During our math team meeting this week, I shared with the group the Filling Glasses problem. We were not allowed to write anything, just talk with our partner on matching glasses to four unusually shaped glasses with the graphs that best describe the height of the water in the glass over time. We spent about 10 minutes talking with a partner and then the pairs shared out with the whole group and we discussed whether we agreed or not, and justified our responses.

I really enjoyed this problem for a few reasons: (1) although it was annoying at first, not being about to write anything really made me think about how I communicated my thoughts to my partner, (2) its not a "typical" kind of problem, yet totally real-life based, (3) I felt like I got a lot from listening to my colleagues comments. My co-teacher liked this problem so much that he and I decided to use it as a warm-up for our CTT class one day to see how that would go.

__What am I learning about collaboration?__
The math problems that we have been doing have been a great way to "even the playing field" during our team meetings because they make all of us responsible for sharing. Although I have gotten better at it, there have been many lessons with my scholars, where the bell rings in the middle of the scholars working, and the lesson really has no final share-out. Being mindful of these problems have really emphasized to me the importance of bringing a lesson (or a problem) back together at the end and the share out main ideas.
Hi Anna.

ReplyDeleteI think that doing math together is one of the most powerful things teachers can do together. I’d like to suggest that a problem you don’t finish within a certain time limit doesn’t mean you can’t come together and share before the end of the period. Students can share where they are without giving anything away, which may also help for anyone who is stuck. But more importantly, we don’t expect students to finish a book in one sitting; nor do we expect them to finish a writing piece in one sitting. So why do we insist on finishing a math problem in one sitting? I have a folder for my students—Problems I’m Still Working On—where they put their work if we have to move onto something else or the bell rings. Consider this and perhaps students will begin to see their math problem solving processes the way they see their reading and writing. What do you think?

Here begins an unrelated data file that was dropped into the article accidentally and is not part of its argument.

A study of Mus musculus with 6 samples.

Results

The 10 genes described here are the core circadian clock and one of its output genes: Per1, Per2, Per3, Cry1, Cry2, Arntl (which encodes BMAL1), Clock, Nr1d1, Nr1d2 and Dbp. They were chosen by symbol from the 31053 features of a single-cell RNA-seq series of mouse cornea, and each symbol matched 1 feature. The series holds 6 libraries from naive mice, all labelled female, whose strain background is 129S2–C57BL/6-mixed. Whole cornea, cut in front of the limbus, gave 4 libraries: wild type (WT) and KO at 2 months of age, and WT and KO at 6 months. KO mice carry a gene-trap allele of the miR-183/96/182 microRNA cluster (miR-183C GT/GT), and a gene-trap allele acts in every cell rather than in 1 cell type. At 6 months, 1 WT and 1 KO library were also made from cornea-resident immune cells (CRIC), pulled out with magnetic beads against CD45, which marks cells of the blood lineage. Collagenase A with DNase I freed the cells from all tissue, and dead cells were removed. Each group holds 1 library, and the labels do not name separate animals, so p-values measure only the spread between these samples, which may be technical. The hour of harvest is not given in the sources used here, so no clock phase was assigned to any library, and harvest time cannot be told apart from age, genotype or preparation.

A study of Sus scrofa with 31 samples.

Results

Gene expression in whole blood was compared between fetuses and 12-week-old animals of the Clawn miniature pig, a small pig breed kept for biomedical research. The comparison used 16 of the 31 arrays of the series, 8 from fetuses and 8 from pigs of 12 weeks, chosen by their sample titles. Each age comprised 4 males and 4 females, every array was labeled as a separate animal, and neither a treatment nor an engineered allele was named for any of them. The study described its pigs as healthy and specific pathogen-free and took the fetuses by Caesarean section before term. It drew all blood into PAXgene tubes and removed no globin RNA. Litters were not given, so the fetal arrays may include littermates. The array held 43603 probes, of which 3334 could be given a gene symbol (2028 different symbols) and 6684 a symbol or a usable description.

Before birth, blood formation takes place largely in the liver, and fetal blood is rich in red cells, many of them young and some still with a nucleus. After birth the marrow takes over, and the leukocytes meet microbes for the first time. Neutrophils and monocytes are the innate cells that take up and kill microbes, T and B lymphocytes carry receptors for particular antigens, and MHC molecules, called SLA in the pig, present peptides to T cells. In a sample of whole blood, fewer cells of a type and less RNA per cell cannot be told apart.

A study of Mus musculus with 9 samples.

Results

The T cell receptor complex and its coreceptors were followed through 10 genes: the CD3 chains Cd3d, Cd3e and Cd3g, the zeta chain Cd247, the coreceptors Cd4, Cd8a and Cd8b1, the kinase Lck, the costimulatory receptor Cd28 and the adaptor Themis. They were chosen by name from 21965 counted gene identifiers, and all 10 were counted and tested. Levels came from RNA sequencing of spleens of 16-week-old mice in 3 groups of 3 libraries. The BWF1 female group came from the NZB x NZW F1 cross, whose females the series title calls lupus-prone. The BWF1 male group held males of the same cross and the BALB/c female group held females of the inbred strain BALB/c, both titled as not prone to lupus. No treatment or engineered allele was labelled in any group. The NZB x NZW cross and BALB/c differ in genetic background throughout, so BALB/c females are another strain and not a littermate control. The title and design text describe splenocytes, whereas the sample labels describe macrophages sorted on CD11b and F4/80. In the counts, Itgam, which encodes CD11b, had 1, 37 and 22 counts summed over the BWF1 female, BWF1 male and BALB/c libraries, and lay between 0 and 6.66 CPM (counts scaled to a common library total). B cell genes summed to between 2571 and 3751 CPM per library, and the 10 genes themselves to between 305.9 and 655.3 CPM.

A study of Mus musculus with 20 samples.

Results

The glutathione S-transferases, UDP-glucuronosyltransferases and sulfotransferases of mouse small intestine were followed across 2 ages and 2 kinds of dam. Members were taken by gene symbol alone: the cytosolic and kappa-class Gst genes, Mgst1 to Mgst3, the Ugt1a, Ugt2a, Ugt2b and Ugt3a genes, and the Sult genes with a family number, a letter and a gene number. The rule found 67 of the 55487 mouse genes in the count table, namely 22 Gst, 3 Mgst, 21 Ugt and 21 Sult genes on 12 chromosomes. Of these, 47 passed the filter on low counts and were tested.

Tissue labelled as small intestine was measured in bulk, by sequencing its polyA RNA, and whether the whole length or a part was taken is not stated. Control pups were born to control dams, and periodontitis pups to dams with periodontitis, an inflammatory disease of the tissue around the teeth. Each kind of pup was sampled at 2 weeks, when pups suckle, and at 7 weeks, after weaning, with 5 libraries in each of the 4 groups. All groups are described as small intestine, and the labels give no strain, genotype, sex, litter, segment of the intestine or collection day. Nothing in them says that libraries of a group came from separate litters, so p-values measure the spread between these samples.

I read the "how much is your time worth" post before this one... Oops. I'm wondering about the collaborative process that happened with this different way of working together, not being able to write, just talk. It sounds like you experienced some discomfort when you say it was annoying, how did you deal with that discomfort? This way of doing the problem, do you think you could have done something like this earlier in the year?

ReplyDeleteHow do you think doing the problem together then teaching it together impacted your collaborative relationship with this teacher?